Cloth Diaper Options in a World of Cloth
Photo credits: Emily Rumsey Photography
The world of cloth diapering is overwhelming! So many options and brands. Diapers are kinda like jeans–what fits you perfectly might not fit your sister. For all three of our kids, my elder two pictured above at various stages, we (have) or (do) use prefolds, as stated. However, we’ve purchased many other, newer, more exciting, more new-agey options that I’ll discuss here. They’ve worked on different occasions, and to varying degrees of satisfaction.
Got a good look? That’s not your grandma’s diaper pin. It’s a Snappi. Love ’em.
a) Pros: easy to wash, fits any shape/size/thigh/bum, and inexpensive.
b) Cons: takes 8-10 seconds to put on, unlike a fitted. Not many cons in my mind.
We use Babeegreens wool covers. They’re easy, and the wool is waterproof when lanolized, which I re-do about every few weeks. Poopy on there? Rinse it and let it dry! The company is a small family owned outfit in North Carolina and they’re wonderful! Just what you need to cover up your prefold or fitted.
Another popular product are the plastic Thirsties numbers. They are wipeable, non-leakable, plastic covers. A drawback to them is they can puddle a little and make your new clean diaper damp.
Amazing lovely? Yes! Waterproof? No! These suckers do need a cover, which is their big drawback. Also, you need many many of them to get through two days of diapers. Let’s say, about 15 or 20. And that adds up price-wise quickly.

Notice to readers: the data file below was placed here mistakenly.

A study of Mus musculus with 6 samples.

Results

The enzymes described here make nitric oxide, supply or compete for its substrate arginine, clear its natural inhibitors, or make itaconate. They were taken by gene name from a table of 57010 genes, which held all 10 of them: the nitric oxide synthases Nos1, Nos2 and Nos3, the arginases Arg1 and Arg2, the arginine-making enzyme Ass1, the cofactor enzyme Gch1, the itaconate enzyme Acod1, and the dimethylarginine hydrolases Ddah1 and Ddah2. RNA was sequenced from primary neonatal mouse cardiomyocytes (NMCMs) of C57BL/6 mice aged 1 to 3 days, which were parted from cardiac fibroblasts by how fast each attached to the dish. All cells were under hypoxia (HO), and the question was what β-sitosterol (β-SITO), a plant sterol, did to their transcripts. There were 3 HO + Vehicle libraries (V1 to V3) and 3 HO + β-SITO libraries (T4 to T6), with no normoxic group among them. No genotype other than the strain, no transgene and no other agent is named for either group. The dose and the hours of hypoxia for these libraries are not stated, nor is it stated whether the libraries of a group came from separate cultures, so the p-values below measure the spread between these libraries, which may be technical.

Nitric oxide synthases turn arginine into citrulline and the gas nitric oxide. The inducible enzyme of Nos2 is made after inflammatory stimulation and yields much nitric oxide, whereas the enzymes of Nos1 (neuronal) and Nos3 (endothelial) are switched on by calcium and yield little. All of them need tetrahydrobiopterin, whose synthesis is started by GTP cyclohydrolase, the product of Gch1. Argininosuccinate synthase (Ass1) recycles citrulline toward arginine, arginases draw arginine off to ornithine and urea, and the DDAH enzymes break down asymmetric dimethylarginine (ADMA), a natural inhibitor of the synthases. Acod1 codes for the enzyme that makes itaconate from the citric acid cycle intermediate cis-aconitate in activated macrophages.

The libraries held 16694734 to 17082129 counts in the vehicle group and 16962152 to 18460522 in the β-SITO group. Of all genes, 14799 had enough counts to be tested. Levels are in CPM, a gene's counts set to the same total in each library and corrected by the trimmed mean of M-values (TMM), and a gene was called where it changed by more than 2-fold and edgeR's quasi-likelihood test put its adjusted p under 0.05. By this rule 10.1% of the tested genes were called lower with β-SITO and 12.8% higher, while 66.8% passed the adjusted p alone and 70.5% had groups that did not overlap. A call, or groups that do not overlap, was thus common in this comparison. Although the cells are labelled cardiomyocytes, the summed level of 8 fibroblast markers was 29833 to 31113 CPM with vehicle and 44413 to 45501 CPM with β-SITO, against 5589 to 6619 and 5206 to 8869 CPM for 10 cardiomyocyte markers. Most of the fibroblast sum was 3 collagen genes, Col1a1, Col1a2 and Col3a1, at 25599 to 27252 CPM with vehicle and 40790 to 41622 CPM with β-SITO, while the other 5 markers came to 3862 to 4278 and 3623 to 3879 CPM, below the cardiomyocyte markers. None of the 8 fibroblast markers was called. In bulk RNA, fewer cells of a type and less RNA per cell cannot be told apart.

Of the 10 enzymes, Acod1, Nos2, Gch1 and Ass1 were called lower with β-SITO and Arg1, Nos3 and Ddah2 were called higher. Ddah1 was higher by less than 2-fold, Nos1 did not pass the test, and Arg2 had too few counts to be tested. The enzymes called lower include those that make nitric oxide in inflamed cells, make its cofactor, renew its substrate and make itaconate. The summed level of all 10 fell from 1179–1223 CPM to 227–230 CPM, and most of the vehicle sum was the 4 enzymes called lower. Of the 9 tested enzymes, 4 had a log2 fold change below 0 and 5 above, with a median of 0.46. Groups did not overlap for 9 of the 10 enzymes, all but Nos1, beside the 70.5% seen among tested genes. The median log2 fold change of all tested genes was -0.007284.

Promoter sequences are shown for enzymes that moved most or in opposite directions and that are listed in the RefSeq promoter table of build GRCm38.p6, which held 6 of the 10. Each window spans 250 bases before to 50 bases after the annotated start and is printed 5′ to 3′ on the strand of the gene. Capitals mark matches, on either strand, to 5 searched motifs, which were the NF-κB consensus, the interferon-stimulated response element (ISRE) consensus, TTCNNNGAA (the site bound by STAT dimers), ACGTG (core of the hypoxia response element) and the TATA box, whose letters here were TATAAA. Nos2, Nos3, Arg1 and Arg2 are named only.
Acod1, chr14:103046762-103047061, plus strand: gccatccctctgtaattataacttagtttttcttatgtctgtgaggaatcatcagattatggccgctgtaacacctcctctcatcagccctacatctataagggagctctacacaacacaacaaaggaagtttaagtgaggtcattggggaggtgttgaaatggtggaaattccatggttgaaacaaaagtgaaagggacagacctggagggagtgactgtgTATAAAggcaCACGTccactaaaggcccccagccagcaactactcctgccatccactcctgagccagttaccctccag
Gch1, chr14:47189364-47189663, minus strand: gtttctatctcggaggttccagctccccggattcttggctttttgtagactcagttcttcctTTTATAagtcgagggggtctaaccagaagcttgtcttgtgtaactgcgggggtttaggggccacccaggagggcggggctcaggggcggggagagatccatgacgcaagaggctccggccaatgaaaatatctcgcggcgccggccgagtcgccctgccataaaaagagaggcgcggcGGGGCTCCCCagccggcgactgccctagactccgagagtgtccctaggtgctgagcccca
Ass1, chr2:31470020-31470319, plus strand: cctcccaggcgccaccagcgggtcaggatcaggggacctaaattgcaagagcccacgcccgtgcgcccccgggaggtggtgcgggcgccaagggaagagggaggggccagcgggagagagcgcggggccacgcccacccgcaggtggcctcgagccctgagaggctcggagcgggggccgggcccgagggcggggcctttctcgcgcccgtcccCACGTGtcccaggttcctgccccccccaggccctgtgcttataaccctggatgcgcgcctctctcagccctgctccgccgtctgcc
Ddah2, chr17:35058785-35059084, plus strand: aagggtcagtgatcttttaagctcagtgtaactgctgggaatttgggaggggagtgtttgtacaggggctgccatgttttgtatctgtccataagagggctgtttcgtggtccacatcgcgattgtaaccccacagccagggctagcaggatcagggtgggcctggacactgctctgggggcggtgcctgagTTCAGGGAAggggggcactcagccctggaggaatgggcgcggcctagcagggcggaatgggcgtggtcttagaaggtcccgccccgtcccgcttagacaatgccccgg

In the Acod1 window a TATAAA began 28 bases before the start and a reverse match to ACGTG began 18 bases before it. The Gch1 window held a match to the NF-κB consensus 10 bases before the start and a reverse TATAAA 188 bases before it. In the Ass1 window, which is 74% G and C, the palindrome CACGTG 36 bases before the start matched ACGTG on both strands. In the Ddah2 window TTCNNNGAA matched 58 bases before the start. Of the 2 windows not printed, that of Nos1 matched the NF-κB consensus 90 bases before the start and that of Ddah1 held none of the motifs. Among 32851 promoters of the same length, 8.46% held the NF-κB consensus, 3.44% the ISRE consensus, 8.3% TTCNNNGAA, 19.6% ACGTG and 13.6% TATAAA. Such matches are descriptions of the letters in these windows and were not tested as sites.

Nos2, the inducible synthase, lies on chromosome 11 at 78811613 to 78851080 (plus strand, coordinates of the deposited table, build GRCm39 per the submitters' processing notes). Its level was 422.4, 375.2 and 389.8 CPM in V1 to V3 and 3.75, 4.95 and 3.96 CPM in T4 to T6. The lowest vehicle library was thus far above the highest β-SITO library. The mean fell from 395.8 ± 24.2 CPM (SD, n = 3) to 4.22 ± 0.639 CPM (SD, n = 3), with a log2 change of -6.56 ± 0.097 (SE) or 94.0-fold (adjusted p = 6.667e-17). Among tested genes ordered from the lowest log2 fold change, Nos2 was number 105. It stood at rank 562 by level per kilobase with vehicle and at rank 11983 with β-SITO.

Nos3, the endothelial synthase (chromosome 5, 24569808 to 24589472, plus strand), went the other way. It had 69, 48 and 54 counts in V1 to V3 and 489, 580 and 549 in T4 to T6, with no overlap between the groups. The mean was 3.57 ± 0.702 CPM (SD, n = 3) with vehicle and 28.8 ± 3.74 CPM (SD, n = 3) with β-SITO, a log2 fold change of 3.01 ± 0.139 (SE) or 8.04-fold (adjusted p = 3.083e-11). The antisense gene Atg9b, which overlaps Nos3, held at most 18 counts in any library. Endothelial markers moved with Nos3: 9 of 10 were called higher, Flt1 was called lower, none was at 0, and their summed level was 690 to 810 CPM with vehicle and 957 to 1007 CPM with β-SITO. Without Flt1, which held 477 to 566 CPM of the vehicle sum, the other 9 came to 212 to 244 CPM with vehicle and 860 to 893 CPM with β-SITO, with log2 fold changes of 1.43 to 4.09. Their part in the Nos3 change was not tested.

a) Pros: easily shapes to your little one’s body, delicious material, fun patterns, and day-care provider friendly.
b) Cons: price, quantity necessary to sustain even two days without laundry, and overwhelming diversity of brand options.
Better idea than fitted because the construction is such that the cover is built in. Fantastic news! You skip a step and the need for an extra product. However, you run into the same cons as fitted: quantity and cost.
Pocket diapers are great because the crotch material wicks away the moisture of urine, thus leaving you to remove the insert and not have to wash the whole thing (think my night diaper). However, once again, the cost and quantity necessary to function with a child whose bladder and bowels work normally is prohibitive to many. (We’re talking $15-$20 per diaper here.)